Understanding Kafka Consumer Groups and Consumer Lag (Part 1)
In this post, we will dive into the consumer side of this application ecosystem, which means looking closely at Kafka consumer group monitoring. Read on to find out more.
Kafka as a broker service has a very simple API, and could practically be used with many kinds of applications and application architectures leveraging the brokers for i/o and queueing messages. However, it turns out that there is a common architecture pattern: a group of application nodes collaborates to consume messages, often scaling out as message volume goes up, and handling the scenario where nodes crash or drop out. This pattern generally keeps the data and messages flowing with reliability and with certainty even as application nodes come and go.
There’s also a reference implementation for this architecture based on decades of hard won experience with high performance distributed systems, called the Kafka Consumer Group. This reference implementation is shipped with Apache Kafka as a JAR and is well documented, although it is possible to implement a Consumer Group application in any language.
A Consumer Group’s Relationship to Partitions
While the Consumer Group uses the broker APIs, it is more of an application pattern or a set of behaviors embedded into your application. The Kafka brokers are an important part of the puzzle but do not provide the Consumer Group behavior directly. A Consumer Group based application may run on several nodes, and when they start up they coordinate with each other in order to split up the work. This is slightly imperfect because the work, in this case, is a set of partitions defined by the Producer. Each Consumer node can read a partition and one can split up the partitions to match the number of consumer nodes as needed. If the number of Consumer Group nodes is more than the number of partitions, the excess nodes remain idle. This might be desirable to handle failover. If there are more partitions than Consumer Group nodes, then some nodes will be reading more than one partition.
Reading Multiple Partitions on One Node
There are a couple of tricky things to consider as one designs a Consumer Group. If a consumer node takes multiple partitions or ends up taking multiple partitions on failover, those partitions will appear intermingled, if viewed as a single stream of messages. So a Consumer Group application could get row #100 from partition 3, then row #90 from partition 4, then back to partition 3 for row #101. Nothing in Kafka can guarantee order across partitions, as only messages within a partition are in order. So either order should not matter to the consumer application, or the consumer application is able to order these partitions by splitting the stream appropriately.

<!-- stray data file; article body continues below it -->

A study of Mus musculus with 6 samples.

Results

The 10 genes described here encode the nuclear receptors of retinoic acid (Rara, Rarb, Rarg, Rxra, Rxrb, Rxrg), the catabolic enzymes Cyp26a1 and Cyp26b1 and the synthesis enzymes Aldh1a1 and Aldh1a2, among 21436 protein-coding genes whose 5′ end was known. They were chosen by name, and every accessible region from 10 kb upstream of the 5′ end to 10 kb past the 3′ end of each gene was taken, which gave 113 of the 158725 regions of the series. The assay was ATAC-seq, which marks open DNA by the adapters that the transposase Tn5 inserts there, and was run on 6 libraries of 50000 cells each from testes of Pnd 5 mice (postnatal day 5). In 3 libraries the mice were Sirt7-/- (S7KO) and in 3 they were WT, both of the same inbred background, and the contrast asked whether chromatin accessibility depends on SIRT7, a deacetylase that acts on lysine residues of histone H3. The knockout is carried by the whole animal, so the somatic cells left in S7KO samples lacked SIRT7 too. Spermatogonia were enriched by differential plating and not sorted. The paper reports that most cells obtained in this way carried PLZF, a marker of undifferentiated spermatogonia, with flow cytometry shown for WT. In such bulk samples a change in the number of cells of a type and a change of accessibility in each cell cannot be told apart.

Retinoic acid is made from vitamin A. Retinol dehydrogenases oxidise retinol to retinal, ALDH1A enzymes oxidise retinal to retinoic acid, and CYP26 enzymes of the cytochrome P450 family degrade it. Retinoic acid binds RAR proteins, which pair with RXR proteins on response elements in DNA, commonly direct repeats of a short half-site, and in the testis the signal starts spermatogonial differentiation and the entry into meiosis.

Multiple Topics Within a Consumer Group
The other tricky design consideration is that each member of a Consumer Group may subscribe to some, but not all, of the topics being handled in the group. This makes thinking about distribution a little complex. In a simple case of a Consumer Group handling one and only one topic, all nodes would subscribe to that topic and distribution of work would be uniform. If there are two topics, and only some nodes subscribe to Topic-1, then those Topic-1 partitions will only be assigned to the subscribing nodes, and if one goes down it will be reassigned only to one of the remaining subscribing nodes, if there are any. Think of this Consumer Group design like a group of groups, where each subgroup is pooled and balanced independently.
The Rebalancing Phase
As nodes in a Consumer Group come and go, the running nodes decide how to divide up the partitions. In the reference implementation, each partition is assigned one owner in a rebalancing phase. Rebalancing triggers under different circumstances, but think of it as the phase that happens when an application scales up and down. When an application crashes, all the well-behaved nodes stop work, unsubscribe from their partitions, and their former partitions will be available to be reassigned. Those well-behaved nodes will then wait for all the partitions to reach this state. The less-well-behaved nodes, such as the one that suddenly crashed, will of course not unsubscribe to their partitions.
In this failure case, where some nodes are waiting patiently and some other nodes are gone, wedged, or otherwise non-responsive, two timeouts start ticking. One is a timeout for the Kafka client, which might be something like zookeeper.session.timeout.ms. This is a heartbeat window which is used for detecting that a node hasn’t reported back in a timely manner. This is tested all the time and used to evict bad nodes. The other timeout is rebalance.backoff.ms * rebalance.max.retries.
This is the largest window allowed for the rebalancing phase, where clients are not reading anything from Kafka. But if this window is smaller than the Kafka client session timer, rebalancing could fail due to a crashed node and you’d have a stopped Consumer Group. And if the Kafka client session timer is too small, you could evict application nodes by mistake and trigger unnecessary rebalancing. So thinking carefully about these two timeout windows is necessary to keep your application running well.
Keep an eye out for Part II, coming soon!
Published at DZone with permission of David Brinegar, DZone MVB. See the original article here.